Rev. Connie denBok is a minister at Alderwood United in Toronto.
Truthfully, I have been disappointed with my daughter’s decision to turn from the faith of her childhood. And I am disappointed that my son-in-law insists that the children grow up with a world view that leaves no room for God. To raise a child with no faith, expecting them to decide for themselves as adults, is like parenting a child with no “I love you’s” and expecting them to decide as adults whether to develop a relationship with Mom and Dad.
There are three conflicting realities. First, going to church is an outer expression of my faith rooted in an understanding of God revealed in Jesus. It transforms my day-to-day activities into offerings of love to God. Jesus is neither my weekend hobby, nor my family symbol, nor is he the tribal God of Christians. I believe he came into the world for the sake of the world, including my children and grandchildren. This faith is who I am in my innermost self.
My second reality is that our children are entrusting their children to us. We are eager to step forward for their sake, for the grandchildren’s sake, for their other grandfather’s sake. Trust is essential, so we must be careful that we have no motives other than the desire to be helpful. Under no circumstance would we view this as an opportunity for proselytism, secret baptism or indoctrination.
The third reality is mutual respect between those with mutually exclusive values. I will find a moment to approach my son-in-law and daughter. With every expression of genuine care, I will lay out my dilemma, calmly and matter-of-factly saying, “I’m sure you know that we go to church on Christmas Eve and that we can’t leave the children behind. I hope you feel they will be okay with us.” If it is not acceptable to them, then I will listen openly to their alternatives.
We will go a very long second mile for family, but must remain true to who we are.
Rev. Bob Giuliano is a retired minister in Owen Sound, Ont.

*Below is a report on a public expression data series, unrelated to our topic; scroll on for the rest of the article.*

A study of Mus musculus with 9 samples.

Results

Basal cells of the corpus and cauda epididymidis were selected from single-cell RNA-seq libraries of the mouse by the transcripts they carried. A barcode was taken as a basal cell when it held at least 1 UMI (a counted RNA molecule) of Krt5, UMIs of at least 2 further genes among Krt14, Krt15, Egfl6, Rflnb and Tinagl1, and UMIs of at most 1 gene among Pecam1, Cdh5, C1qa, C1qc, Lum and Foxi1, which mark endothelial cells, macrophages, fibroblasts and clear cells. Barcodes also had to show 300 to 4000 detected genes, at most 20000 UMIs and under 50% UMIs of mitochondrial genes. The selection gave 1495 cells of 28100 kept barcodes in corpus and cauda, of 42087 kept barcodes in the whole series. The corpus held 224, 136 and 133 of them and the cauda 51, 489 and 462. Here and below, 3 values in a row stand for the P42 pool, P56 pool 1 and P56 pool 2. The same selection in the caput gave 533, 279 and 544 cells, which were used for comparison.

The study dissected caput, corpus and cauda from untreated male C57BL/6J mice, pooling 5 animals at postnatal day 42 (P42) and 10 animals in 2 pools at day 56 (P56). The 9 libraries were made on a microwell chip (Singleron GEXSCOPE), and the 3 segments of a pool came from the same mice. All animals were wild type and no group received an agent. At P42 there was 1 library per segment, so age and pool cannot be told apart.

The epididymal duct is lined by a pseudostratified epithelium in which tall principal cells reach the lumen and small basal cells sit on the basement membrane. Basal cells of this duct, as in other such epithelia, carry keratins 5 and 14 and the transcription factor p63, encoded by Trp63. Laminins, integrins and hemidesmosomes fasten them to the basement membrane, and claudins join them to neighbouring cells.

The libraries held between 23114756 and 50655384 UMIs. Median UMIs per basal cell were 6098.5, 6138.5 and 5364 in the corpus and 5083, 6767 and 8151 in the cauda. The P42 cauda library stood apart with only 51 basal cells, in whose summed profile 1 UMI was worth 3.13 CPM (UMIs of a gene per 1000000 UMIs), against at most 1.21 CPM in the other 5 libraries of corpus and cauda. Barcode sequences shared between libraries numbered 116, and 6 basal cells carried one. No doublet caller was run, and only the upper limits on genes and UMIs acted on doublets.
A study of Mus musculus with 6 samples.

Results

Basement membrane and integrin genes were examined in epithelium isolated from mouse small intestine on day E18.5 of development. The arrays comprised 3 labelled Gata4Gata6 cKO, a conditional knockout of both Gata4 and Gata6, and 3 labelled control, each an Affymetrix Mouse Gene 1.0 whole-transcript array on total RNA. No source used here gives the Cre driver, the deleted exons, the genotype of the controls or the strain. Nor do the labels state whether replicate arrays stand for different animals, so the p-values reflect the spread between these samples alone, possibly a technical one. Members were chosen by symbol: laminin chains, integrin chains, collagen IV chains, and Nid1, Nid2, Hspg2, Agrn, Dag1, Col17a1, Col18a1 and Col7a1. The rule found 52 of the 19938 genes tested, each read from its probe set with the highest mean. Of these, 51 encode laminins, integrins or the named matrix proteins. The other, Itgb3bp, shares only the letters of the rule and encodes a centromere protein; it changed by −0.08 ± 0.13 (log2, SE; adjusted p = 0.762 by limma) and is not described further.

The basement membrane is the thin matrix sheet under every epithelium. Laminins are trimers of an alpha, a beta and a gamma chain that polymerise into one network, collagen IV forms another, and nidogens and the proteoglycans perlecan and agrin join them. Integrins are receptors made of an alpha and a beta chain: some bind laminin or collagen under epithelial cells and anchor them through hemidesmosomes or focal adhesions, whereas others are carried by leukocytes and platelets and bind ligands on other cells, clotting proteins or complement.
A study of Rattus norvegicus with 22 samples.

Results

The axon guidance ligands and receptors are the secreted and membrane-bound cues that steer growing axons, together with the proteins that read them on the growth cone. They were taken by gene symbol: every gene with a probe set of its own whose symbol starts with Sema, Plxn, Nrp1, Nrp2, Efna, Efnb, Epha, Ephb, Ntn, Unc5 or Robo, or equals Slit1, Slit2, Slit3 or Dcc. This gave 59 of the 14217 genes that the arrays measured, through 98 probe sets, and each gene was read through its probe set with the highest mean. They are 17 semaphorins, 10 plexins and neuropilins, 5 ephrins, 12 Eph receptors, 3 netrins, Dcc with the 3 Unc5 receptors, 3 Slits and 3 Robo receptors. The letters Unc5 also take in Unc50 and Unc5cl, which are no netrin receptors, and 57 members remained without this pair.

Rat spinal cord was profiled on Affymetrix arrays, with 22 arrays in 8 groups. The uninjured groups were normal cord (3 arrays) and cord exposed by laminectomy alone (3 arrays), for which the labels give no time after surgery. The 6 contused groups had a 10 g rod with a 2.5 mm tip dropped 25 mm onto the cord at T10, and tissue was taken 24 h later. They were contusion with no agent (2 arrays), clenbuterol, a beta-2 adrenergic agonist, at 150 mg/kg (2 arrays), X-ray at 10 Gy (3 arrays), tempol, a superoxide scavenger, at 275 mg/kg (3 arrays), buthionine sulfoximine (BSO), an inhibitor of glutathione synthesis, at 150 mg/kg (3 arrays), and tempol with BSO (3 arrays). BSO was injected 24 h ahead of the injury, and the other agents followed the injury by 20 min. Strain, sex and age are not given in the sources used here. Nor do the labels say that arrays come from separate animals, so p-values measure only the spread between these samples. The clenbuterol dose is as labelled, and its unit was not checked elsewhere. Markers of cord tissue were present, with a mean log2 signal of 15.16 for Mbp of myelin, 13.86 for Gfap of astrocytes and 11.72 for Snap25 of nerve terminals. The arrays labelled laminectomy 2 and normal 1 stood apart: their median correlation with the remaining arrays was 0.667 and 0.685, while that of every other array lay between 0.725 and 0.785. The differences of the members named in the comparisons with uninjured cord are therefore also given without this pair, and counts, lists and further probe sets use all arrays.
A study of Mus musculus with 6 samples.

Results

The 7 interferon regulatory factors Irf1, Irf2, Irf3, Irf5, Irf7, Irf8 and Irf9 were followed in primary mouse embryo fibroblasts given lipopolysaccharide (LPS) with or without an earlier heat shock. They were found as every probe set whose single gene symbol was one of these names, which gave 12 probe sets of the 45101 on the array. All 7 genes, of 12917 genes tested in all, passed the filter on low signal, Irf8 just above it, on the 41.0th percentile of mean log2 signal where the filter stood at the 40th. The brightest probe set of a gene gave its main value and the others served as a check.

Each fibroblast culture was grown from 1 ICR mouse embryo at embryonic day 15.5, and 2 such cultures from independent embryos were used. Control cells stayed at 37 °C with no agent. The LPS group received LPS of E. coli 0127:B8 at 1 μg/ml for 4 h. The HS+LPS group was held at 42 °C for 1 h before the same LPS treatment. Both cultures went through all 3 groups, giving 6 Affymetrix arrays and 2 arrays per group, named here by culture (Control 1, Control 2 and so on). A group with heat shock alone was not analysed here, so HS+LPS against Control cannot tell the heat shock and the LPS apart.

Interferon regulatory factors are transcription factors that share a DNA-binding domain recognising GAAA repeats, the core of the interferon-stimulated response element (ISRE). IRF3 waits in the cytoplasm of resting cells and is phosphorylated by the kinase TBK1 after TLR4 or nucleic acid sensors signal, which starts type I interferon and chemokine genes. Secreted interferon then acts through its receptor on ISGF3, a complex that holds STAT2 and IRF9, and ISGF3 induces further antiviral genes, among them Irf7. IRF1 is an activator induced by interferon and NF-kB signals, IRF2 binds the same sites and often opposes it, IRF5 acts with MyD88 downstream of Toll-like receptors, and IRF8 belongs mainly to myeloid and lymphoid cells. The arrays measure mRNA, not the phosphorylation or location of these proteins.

We will have two very troubled kids on our hands. Their troubles are the priority. They will be worried about their other grandpa, their mom and dad, and scared about the holidays away from home. The issue is not what we want to do; it is what the kids need.
We will do our best to find ways to have fun: maybe have some of their friends over, fill them with sweets and comfort foods, and play games that they like to play. We will get outside, play in the fog and the rain and, if we’re lucky, the snow and the sunshine. We will go to a movie, eat hot dogs and ice cream.
It will be fun for us to integrate their holiday practices into ours. What do they do during this holiday? What can we learn about the things that mean a lot to them? We’ll find out from Mom and Dad and ask the kids what kinds of things they like the best. We will celebrate the holiday in their way and ours.
We will also leave them alone to talk with each other as much as they need to. There may be arguing; there may be tears. Both will help clear the air. We will stay in touch with their mom and dad so we will have all the information they need, the good and the bad. We will listen to the kids and their understanding of what is happening.
I had hoped that our grandchildren’s presence with us this year would give me an excuse to miss that sentimental Christmas Eve stuff. But Grandma says our daughter used to love it when she was little, and our grandchildren may find the music, the soft light, candles and the mystery of it all a wonderful gift in the midst of their worries.
So we will go to church and hug a lot. We will say hello to the seasonably exhausted preacher and invite her over for hot chocolate and marshmallows.